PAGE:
Nobody knew — on that eighth day of May, 1921 — where the roads of life would lead the boy born in Wilmington, and who would later live for six years in Highland County.
No one could have imagined he would serve in the uniform of the United States — through two wars — or that he would see action in six countries, on two continents, halfway around the world from the house on Fife Avenue he would later call home for 72 years.
Wilbert Wollary Ward joined the U.S. Army in August 1942 and later served in the Army National Guard; he racked up a total of 33 years of service to his country.
Ward could not have known that after Boot Camp at Fort Bragg, North Carolina, some advanced training at Fort Gordon, Georgia and Camp Kilmer, New Jersey, he would take a voyage across the Atlantic Ocean to Casablanca in North Africa. He would not see the country for which he was fighting for the next two years, nine months and five days.
In North Africa, after receiving his assignment as a Jeep driver, he joined a reconnaissance unit at a defensive position just outside the capital of French Morocco, and then was half of a two-man occupation force, occupying a small town in Sicily.
Another ship from Italy to Scotland and a train to Tidworth Barracks, England, Ward, still a Jeep driver, embarked on a hard-fought journey to Berlin with the 2nd Armored Division, nicknamed “Hell on Wheels.”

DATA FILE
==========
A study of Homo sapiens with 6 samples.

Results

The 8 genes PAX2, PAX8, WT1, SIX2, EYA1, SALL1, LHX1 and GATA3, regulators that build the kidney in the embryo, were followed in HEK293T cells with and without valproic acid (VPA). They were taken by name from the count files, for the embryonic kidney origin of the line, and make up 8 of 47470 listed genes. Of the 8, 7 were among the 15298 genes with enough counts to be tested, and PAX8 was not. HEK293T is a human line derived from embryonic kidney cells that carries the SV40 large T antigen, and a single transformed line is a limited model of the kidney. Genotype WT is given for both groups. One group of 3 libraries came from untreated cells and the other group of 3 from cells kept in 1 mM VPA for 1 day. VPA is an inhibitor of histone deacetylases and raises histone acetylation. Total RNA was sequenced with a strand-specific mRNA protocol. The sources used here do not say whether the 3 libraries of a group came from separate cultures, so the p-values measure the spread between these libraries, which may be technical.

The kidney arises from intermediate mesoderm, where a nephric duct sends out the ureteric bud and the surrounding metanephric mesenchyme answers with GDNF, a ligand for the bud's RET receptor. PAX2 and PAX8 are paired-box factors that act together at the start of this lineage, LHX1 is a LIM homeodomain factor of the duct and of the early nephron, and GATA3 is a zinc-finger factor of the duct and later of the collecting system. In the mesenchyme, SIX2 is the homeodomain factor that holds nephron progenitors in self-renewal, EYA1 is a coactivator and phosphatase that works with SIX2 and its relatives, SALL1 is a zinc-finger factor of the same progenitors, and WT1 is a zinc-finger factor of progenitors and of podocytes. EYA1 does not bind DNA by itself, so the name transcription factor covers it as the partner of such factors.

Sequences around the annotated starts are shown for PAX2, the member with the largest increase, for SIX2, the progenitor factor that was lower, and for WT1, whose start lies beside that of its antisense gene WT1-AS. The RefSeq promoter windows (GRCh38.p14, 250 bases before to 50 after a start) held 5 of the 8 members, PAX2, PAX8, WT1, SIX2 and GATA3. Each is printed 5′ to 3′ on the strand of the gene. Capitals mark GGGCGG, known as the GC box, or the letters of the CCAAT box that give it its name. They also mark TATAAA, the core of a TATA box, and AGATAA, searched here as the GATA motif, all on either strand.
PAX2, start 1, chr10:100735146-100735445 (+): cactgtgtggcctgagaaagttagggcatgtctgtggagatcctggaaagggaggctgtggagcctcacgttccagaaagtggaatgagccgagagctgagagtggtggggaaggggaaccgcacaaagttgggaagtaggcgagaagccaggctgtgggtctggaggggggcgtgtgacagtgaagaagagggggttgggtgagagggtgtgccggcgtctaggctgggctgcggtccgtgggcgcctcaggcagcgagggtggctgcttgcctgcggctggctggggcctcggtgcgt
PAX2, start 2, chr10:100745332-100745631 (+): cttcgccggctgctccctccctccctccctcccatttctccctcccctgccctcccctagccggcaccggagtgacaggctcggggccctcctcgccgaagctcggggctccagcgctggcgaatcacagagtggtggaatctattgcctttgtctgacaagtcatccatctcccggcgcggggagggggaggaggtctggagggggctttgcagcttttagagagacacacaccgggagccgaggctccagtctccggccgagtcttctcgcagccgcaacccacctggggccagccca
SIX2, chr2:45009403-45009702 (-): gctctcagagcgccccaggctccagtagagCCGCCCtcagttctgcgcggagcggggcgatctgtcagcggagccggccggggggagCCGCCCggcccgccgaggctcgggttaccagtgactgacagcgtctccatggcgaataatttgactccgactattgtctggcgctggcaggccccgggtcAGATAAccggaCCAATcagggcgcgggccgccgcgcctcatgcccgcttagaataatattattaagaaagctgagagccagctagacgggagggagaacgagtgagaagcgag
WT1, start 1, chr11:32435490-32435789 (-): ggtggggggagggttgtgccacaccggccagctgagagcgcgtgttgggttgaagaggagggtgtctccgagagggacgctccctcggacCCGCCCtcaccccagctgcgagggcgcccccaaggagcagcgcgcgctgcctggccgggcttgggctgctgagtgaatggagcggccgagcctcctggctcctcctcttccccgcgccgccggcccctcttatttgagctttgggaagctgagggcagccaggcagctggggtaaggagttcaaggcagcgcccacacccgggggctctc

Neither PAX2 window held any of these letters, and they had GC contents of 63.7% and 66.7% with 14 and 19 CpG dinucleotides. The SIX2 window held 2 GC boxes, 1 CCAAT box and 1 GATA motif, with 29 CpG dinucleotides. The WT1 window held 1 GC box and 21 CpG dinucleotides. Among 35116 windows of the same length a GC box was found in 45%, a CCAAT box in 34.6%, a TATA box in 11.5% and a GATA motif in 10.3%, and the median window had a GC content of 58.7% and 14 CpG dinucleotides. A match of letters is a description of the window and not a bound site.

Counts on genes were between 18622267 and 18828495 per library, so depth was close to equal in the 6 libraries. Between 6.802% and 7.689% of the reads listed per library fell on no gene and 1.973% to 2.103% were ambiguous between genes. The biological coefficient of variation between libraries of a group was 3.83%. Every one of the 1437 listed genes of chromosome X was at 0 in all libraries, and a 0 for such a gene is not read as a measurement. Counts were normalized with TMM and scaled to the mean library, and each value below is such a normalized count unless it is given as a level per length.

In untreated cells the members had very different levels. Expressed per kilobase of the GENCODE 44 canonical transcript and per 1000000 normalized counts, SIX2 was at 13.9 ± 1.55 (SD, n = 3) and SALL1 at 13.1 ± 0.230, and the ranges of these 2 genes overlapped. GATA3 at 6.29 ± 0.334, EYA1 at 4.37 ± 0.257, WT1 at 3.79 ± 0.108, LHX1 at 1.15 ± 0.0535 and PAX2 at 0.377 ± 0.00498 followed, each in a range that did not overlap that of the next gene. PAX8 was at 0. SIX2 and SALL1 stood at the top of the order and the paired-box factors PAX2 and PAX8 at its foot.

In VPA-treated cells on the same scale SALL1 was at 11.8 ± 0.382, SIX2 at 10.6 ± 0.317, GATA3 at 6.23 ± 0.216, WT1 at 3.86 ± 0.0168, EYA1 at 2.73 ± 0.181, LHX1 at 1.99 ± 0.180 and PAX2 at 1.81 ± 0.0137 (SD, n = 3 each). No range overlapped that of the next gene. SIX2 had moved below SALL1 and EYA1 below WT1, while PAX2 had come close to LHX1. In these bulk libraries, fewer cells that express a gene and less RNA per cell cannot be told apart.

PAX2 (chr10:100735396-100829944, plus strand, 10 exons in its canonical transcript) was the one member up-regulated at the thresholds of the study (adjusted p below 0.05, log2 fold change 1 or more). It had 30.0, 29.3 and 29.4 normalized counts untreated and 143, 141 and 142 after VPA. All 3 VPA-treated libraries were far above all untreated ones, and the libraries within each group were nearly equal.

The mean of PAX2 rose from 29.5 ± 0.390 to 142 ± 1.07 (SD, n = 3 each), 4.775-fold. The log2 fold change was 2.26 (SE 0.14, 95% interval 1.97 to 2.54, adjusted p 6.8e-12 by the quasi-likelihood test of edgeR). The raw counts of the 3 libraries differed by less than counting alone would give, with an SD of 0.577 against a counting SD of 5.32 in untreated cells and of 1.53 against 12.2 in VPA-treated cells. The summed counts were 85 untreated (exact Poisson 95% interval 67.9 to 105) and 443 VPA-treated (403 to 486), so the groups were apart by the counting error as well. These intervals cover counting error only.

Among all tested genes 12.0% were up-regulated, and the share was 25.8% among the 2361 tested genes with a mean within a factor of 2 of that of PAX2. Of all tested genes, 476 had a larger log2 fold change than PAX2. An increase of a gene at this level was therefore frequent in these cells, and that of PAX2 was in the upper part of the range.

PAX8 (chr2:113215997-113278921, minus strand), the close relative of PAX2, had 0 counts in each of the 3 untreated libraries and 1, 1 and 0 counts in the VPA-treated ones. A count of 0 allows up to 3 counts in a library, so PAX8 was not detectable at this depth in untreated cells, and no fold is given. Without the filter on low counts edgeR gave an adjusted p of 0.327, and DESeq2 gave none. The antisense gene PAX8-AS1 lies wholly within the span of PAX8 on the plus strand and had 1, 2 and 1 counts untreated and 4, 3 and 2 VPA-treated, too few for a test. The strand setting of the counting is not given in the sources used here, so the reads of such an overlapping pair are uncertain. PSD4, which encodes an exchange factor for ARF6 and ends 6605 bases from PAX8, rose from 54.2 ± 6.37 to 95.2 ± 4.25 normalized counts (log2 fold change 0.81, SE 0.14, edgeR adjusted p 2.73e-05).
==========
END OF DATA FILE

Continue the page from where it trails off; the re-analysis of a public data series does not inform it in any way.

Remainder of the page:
Ward recalls the time he and a buddy drove his Jeep right up to the front line, without being told, to take some food and other supplies to the tank crews.
“When we got back to our ‘rear position’, the platoon leader asked us where we had been. When I told him, he started chewing me out.” Wilbert went on to explain, “I thought we were in trouble for putting ourselves in unnecessary danger, but boy was I wrong.”
He laughed and continued: “We actually were in trouble for putting an ‘almost-impossible-to-replace Jeep’ in danger.”
Ward was later reassigned and made the assistant driver of an M-4 Sherman tank.
Commencing with a breakthrough at St. Lo, France, Ward’s drive to Berlin took him to the Siegfried Line and the Battle of the Bulge.
Sadly, along the way a round from a German Panzerfaust struck the tank he was in, killing the driver. Ward was immediately promoted to that position and remained the driver for the balance of the war.
His bold pronouncement to his buddies: “I will drive into Berlin” was not to be.
Just outside the city, after waiting two days for the Russians at the Elbe River, his tank broke down and he had to be towed the last few kilometers into Berlin.
Ward retired from the National Guard as a master sergeant in 1981, and from Airmatic-Allied in 1986.
After retiring, he joined the Wilmington Veterans Post 49, American Legion, Memorial Squad, and served faithfully until he moved to Rocky Fork Lake in 1998. During his six years there, he served on the Highland County Veterans Honor Guard.
He returned to Wilmington and the Post 49 Squad in 2004. He was an active member of the unit until, at the age of 92, he decided to become an associate member following the Memorial Day service in 2012.
Ward now welcomes visitors to his Wilmington Commons home, where he proudly displays pictures from his service and more recent memories, with News Journal clippings of the Post 49 Squad and pictures of his “adopted” family that includes three children and six grandchildren.
Paul Butler is a Wilmington resident, U.S. Navy veteran, and a class of 2020 inductee of the Ohio Veterans Hall of Fame.